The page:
Fair is fair … isn’t it?

OK … as we already know nearly every government budget is facing serious deficit levels. The state is facing at a four billion dollar budget deficit (count the zero’s: 4,000,000,000) on the new budget year that begins on July the first. New governor Tom Corbett is “reviewing all expenditures in the $28 billion budget” and looking for expense cuts.

If this was your personal household budget and you were looking for ways to balance your budget, what would you do? Take a hard look at how you spend? You would cut back on the non-essentials. You might decide to eliminate cable TV or turn you heat back to 60 degrees in the winter. But what if you took all the cuts you could and then you remembered, “Oh, yeah … there are people who owe me money!”

Would you then take a more aggressive posture and collect what is owed to you from them? You might!

It is curious that there are instances of “money owed” to the state when persons who go into business choose to not follow state laws that require licensing. For example, have you ever noticed that some merchants charge sales tax and some don’t. Wouldn’t you think the state of Pennsylvania might want to have conversations with those businesses which do not charge and remit money in accordance with the Sales and Use Tax codes?

According to the Pennsylvania Department of Revenue Website, “The sales and use tax is imposed on the retail sale, consumption, rental or use of tangible personal property in Pennsylvania. The tax is also imposed on certain services relating to such property and on the charge for specific business services. Major items exempt from the tax include food (not ready-to-eat); candy and gum; most clothing; textbooks; computer services; pharmaceutical drugs; sales for resale; and residential heating fuels such as oil, electricity, gas, coal and firewood.”

The law stipulates that the sales tax license must be displayed in a prominent location in the establishment. “The same law that imposes Pennsylvania sales, use and related taxes on certain transactions also requires vendors to maintain appropriate tax records. Specifically, a vendor is required to maintain records that support the information reported by the taxpayer on all tax returns. These records must distinguish between taxable and non-taxable transactions as well as document the proper charging, collection and remitting of tax money to the Department.”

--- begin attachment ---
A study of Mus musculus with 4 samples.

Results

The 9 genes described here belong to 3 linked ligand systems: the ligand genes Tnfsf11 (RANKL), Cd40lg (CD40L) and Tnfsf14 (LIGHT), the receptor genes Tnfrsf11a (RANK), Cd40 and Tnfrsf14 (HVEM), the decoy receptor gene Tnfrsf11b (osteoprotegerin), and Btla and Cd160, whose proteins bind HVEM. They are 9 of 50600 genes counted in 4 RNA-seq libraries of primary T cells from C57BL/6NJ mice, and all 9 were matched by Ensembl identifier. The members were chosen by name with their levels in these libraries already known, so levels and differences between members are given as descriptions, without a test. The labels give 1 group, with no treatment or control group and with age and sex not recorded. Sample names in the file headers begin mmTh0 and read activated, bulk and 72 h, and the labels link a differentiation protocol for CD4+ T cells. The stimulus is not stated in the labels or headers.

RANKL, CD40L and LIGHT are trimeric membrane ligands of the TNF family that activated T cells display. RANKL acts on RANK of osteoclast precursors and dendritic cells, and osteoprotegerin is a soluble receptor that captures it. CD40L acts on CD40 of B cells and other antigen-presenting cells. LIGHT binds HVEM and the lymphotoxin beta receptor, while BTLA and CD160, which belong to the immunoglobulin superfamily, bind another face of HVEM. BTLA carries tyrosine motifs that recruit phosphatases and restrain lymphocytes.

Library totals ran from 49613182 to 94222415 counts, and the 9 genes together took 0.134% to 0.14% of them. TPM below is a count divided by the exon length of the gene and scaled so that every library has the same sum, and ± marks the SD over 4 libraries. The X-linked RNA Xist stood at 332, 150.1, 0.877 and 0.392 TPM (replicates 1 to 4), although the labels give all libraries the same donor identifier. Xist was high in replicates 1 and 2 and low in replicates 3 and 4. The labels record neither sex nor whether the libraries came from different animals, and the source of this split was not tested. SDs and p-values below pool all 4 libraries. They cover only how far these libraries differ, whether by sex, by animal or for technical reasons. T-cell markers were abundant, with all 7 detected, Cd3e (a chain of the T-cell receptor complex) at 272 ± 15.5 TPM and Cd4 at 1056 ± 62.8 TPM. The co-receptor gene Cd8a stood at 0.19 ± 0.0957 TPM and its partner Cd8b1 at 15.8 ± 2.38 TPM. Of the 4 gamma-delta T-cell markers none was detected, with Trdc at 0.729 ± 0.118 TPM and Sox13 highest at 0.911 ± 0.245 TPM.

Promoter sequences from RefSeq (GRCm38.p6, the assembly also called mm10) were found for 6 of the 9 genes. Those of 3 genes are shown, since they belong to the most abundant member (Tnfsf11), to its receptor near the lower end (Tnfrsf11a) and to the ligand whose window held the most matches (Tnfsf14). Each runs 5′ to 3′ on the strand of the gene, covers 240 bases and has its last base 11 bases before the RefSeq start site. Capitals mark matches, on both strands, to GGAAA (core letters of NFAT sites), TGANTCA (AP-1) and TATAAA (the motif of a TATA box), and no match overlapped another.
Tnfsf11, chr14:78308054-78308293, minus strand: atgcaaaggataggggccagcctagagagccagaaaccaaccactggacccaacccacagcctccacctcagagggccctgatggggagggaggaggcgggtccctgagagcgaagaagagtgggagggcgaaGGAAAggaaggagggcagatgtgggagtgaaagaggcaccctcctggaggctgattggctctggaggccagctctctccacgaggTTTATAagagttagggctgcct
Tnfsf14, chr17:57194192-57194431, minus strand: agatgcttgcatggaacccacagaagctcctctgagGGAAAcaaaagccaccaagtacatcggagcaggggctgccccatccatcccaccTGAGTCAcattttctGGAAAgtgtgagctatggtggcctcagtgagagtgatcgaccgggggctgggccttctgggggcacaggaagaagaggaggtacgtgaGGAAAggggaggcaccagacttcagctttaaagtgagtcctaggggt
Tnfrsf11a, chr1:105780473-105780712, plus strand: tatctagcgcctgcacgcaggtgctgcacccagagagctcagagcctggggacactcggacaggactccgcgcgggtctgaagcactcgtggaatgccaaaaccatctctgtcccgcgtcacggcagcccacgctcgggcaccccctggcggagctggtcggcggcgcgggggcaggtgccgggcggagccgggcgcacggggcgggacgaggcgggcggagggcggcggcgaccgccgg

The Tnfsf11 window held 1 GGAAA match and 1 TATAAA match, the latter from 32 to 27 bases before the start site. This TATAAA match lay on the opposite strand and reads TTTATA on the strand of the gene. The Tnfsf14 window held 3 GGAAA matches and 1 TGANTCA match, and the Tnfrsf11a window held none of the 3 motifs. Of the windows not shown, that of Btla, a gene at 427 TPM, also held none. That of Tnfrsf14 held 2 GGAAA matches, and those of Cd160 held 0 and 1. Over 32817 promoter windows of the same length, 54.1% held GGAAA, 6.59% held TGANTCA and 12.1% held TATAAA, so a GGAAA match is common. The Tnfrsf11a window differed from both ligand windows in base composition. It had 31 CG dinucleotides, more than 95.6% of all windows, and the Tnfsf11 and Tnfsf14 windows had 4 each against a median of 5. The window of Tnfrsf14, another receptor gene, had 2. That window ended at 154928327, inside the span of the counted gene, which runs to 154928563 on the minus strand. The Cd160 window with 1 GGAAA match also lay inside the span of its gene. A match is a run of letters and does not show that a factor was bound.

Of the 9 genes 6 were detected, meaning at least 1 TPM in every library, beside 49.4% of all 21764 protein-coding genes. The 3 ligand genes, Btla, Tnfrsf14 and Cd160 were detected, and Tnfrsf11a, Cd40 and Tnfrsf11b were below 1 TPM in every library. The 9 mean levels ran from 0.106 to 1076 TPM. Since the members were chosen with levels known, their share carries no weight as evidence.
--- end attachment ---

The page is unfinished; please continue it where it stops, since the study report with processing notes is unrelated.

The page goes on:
In case you are considering starting a business, here is a link to a helpful guide about Sales and Use Tax: PA Sales and Use Tax Guide rev-585[1]

Increasingly enterprises are springing up and not charging sales tax as prescribed by law. Happily, most businesses are law-abiding businesses that do apply and remit the applicable tax. We think that the honorable businesses do comply with the state law and they are very willing to compete on a level playing field. After all, if they charge and remit sales tax, isn’t it reasonable to assume that competitors selling the same items charge and remit sales tax, too? Our favorite places do it right. We think that all retail establishments serving food should charge and remit sales tax on the specified products, too.

Fair is fair …

Editor

2 comments

  1. This article is yet another propaganda peace urging more government.

    See my “The government that rules least rules best” comment posted yesterday, March 16, 2011, commenting on
    “The Role Of Government” article.

    Of all the many bad things about government (long list), the very worst is the debt-collector role it assumes, immortalized in the USA by the USA Fed. Govt. IRS and it’s “collectors,” always immitated by state and local govts. (who are often worse and more oppressive than the Feds. when it comes to demanding money they aren’t entitled to, but want and get anyway because they have the muscle and the cops and the jails to threaten people with……

    “The government that rules best rules least” is especially about laying off money people have, which is never enough, and shouldn’t be shared by bullies who never use the “collected” money for good purposes or the noble purposes they claim.

    The money does get used for improving the already “good life” that government office holders and workers lead….these people have the only steady and properous jobs in America these days, and they know it.

    Tex Allen,
    Columbia PA USA
    TexAllen@Rocketmail.Com

    • I see this article to be more about making the people who collect, or should collect this tax, to pass it on to the state.